I'm happy to highlight Mark Graban's pizza oven here on the site today. Mark was actually the first Slice reader to ever contact me and send me links and info about a backyard pizza oven. This must have been back in early 2007 or so. Since then, I've checked in on his blog* periodically to see what he's up to. Without further ado, let's fire up this Q&A! --The Mgmt.
When did you put it in?
Our inspiration for the oven was the world-famous (rightfully so) Pizzeria Bianco. My wife and I used to live in Phoenix, and we ate there at least once a month. When we moved to the Fort Worth, Texas, area, it was just prior to the mini boom in coal- and wood-oven pizzerias. We couldn't find good pizza. So, in researching an outdoor kitchen project, I stumbled across the idea that you could actually get a backyard oven. I fell in love with the idea. I talked to Chris Bianco about it in a return trip to Phoenix and he gave classic advice, "Just keep burnin' 'em 'til ya get it right."
I wish I could brag that I built the oven myself. I'm not that handy. In October 2006, I bought an Artigiano brick oven dome and floor set from Forno Bravo. We hired a local stone mason who had built another oven in town (click here for photos). As I was supervising, it turned out they refused to follow the Forno Bravo directions, and they were making all sorts of errors (including not insulating it properly). So we agreed they would knock it down and walk away.
In December, 2006, I found a second mason who, while having never built an oven, was more willing to follow directions (some pictures of the second attempt)—except for one detail. They insisted in framing the oven and chimney with plywood, as they normally did for fireplaces. I stood there and asked and they insisted it would be OK. The completed oven finally took shape and it was done. Gorgeous.
After making pizza a few times (photos of first attempts), we finally had some friends over. As the oven was still preheating, I saw flames shooting out the top of the chimney (above). The optimist in me said, "Oh, it must just be some soot burning off." No, the wood frame inside the stone had caught on fire. Apparently, the first few firings had just dried out the wood enough that it sparked (and the second masons didn't properly seal off the chimney vent, leaving some gaps.
There was nothing we could do but stand and watch it burn. Oh, and I went ahead and made pizzas anyway. The mortar cracked and a bunch of stones cracked and came apart, but it didn't collapse.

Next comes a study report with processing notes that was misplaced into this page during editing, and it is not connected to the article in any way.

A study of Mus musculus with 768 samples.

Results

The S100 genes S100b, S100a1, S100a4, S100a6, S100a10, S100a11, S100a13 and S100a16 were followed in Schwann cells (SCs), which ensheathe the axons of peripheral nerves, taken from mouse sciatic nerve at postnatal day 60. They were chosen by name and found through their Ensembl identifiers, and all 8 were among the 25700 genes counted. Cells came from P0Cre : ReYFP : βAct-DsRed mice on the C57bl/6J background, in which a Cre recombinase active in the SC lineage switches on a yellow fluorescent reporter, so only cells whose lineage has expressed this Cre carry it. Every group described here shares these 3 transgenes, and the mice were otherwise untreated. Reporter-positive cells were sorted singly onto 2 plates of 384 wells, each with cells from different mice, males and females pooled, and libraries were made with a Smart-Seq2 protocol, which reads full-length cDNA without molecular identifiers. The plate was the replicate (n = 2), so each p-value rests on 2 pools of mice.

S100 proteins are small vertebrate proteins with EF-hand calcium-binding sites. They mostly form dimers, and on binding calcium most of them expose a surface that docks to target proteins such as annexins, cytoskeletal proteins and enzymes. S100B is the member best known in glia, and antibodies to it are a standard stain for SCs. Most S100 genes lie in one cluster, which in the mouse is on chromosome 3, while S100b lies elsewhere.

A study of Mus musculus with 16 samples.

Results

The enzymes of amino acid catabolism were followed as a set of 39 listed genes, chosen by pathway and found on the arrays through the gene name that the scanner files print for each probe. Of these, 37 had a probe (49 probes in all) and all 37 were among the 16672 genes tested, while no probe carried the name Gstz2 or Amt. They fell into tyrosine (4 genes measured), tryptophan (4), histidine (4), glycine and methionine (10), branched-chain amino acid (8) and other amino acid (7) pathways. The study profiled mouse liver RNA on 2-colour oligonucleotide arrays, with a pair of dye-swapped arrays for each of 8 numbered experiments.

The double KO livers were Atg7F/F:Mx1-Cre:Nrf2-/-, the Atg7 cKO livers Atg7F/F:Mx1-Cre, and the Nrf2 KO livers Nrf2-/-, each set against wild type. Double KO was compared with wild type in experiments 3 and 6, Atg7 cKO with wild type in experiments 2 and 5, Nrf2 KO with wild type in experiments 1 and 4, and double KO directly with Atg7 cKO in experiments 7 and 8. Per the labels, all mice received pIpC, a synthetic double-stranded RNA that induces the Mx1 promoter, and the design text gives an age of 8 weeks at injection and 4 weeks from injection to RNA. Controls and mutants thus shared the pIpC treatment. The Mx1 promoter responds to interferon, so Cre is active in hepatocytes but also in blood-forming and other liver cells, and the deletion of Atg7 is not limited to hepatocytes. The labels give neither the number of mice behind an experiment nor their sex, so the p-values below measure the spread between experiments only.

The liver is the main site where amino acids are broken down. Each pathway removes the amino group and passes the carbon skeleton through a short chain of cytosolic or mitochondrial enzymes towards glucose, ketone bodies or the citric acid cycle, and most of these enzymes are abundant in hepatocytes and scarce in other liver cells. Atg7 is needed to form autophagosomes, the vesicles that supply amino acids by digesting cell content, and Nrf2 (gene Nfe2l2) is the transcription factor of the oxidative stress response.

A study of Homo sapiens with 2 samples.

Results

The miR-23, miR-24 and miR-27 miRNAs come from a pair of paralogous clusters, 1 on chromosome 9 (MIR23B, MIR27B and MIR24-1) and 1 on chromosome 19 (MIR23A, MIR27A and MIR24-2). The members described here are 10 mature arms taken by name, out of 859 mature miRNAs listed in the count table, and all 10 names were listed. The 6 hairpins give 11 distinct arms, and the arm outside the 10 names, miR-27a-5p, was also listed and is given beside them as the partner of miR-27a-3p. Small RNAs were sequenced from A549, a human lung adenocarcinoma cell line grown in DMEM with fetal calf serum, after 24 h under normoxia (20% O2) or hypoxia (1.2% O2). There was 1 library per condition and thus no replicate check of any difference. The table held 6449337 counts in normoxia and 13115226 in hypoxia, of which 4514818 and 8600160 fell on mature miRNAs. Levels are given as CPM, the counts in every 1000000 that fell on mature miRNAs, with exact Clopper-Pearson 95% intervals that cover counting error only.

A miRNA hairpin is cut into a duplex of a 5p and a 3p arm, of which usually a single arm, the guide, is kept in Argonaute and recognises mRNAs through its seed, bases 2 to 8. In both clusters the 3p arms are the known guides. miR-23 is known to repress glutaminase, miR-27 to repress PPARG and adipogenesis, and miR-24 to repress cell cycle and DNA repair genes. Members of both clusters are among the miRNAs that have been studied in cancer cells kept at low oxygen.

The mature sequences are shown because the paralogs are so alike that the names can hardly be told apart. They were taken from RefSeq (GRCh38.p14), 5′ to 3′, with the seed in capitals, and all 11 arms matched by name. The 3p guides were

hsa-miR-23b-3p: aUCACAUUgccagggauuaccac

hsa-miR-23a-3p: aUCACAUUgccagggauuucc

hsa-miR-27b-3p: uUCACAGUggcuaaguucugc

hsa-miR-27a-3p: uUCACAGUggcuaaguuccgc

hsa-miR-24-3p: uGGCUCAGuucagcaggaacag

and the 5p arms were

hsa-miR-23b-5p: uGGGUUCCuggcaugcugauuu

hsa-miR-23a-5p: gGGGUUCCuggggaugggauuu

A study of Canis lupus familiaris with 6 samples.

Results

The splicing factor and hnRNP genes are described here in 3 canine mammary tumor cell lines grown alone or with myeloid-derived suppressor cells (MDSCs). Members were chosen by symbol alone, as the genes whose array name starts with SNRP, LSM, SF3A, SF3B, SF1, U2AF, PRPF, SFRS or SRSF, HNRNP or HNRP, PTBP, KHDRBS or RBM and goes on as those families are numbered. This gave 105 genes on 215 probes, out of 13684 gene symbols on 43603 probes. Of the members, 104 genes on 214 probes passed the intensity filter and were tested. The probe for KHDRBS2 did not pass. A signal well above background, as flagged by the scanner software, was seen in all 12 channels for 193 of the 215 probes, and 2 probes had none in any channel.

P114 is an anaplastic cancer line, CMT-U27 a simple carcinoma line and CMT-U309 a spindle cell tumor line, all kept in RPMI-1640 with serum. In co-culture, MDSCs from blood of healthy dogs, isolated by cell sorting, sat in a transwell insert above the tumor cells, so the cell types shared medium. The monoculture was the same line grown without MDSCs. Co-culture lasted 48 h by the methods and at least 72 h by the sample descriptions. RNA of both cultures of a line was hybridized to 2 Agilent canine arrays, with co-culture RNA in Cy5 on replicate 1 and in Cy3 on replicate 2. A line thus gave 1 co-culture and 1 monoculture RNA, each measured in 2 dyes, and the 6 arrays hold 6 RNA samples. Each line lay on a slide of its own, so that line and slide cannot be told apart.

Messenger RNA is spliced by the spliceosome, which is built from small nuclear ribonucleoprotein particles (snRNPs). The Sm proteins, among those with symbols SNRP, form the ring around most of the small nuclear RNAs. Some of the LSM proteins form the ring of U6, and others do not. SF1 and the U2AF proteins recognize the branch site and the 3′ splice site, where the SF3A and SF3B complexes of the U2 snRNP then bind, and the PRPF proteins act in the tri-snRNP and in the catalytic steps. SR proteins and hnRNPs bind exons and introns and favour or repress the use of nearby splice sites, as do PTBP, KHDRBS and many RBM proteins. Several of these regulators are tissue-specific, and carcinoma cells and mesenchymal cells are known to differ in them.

The masons were extremely embarrassed and rebuilt the whole thing from the hearth up (with a huge metal frame). Everything has been perfect since. What an experience. So while I didn't build it by hand, a lot of sweat and frustration went into the even, so I can appreciate the result that much more.
Wow. What an ordeal. How long did the construction take?
It was November 2006 until April 2007 when things were finally completed and 100 percent correct that last time. Much longer than it should have given the crazy story above.
How often do you use it?
Probably about twice a month, on average, year-round (nice to be in Texas). I use Texas white oak, mainly, but also use pecan wood to help get it going at first.
Do you cook anything besides pizza in it?
What style of pizza do you normally do?
Neo-Bianco style (Neapolitan). I make my own dough, using the basic recipe from the Reinhart American Pie book. I've used Caputo flour (blue and red bag), but my best results come from the King Arthur Perfect Pizza Blend (although it's a bit of a cheat). I make my own sauce (slightly cooked, based of Italian tomato puree, onion, garlic, and spices). I've made mozzarella once, but that didn't prove worth the effort (I'll use fresh mozz from the gourmet Central Market chain or even Sams Club or Target mozz - buffalo mozz is too moist).
My staples: Margherita, of course. A Neo-Rosa (Bianco-inspired, above) with pistachios and red onion but with salami and a lemon olive oil base. I also do a "Hatch chile" pizza with Hatch Jack and cheddar cheese and Hatch chile sausage (and chiles). Also like quattro staggioni and experiment with other toppings here and there.
Do you cook for friends/neighbors?
We do a lot of small parties (my in-laws, or a couple or two), but we also have done a number of 25- to 30-person large family parties or coworker gatherings. A large party is great, where I have people help with topping the pizzas (I'll stretch the doughs and tend the oven). But I'll even take the effort to fire it up just to make a single batch of six pizzas.
What does your family think of your pizza madness?
They love it and, even during the trying construction period, never questioned it. A little mad? Sure, but they love it. My wife says, "We, at first, wondered if this might be a fad, and I thought he was a little crazy, but now we reap all the benefits of great pizza. We have become pizza snobs, too, and have fun picking out new topping combinations to try. I recommend it to anyone serious and considering the investment. It was a gift that keeps on giving!"
My dad adds, "It's great pizza! I'm glad Mark decided to put in the pizza oven instead of a swimming pool. I'll come to Texas anytime for Mark's pizza (as well as the family gathering)."
Do you have a backyard pizza oven? Would you like to be featured on Slice? Hit us up: [email protected].